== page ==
PROVIDENCE, RI – The American Cancer Society Cancer Action Network (ACS CAN) hosted its annual Cancer Research Breakfast earlier today at the Roger Williams Park Casino. The event featured leaders in public health and cancer treatment who discussed the latest breakthroughs in the battle against cancer.
Emceed by Vic Vetters from WJAR, the event featured: Ana Novais, MA, from the State Department of Health; Steven Katz, MD, of Roger Williams Medical Center; Thomas Renaud, MD, of Hasbro Children's Hospital and Rhode Island Hospital; Angela Taber, MD, of Lifespan Cancer Institute; and, Duncan Whitney, PhD of Janssen Oncology Research and Development.
“We are very proud to bring together some of the brightest minds in our state to share their thoughts on the current state of cancer prevention and treatment,” said Robert Dulski, government relations director for ACS CAN in Rhode Island. “This annual event also is an outstanding way to understand more about how public policy might support the best science against this disease.”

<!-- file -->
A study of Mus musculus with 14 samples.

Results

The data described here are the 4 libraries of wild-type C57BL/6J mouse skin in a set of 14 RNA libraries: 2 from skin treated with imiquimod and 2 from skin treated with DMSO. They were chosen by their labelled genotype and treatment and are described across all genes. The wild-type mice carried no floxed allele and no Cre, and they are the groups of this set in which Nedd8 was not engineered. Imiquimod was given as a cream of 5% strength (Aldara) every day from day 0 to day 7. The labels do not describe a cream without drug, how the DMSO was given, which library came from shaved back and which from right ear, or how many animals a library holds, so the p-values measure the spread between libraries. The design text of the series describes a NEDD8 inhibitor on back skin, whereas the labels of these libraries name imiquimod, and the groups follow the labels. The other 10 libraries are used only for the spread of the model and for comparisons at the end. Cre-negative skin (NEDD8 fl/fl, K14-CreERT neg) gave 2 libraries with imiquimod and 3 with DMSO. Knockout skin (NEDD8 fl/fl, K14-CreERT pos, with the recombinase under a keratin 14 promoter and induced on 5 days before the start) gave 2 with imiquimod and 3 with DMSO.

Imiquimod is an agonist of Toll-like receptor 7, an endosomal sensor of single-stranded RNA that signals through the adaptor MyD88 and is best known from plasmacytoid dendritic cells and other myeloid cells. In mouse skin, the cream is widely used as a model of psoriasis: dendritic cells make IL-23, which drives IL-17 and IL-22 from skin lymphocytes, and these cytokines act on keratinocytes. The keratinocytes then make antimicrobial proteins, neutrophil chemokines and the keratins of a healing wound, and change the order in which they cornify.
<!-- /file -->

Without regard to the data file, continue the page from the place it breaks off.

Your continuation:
This year, the American Cancer Society estimates that 5,970 people in Rhode Island will be diagnosed with cancer and 2,180 will die from the disease. Additionally, 62,770 people in the state are estimated to have survived a cancer diagnosis.
More than 175 people attended the breakfast, including patients, physicians and public health advocates in the state. This is the fifth consecutive year that ACS CAN has hosted this event in Rhode Island.
About ACS CAN
The American Cancer Society Cancer Action Network (ACS CAN) is making cancer a top priority for public officials and candidates at the federal, state and local levels. ACS CAN empowers advocates across the country to make their voices heard and influence evidence-based public policy change as well as legislative and regulatory solutions that will reduce the cancer burden. As the American Cancer Society’s nonprofit, nonpartisan advocacy affiliate, ACS CAN is critical to the fight for a world without cancer. For more information, visit www.fightcancer.org.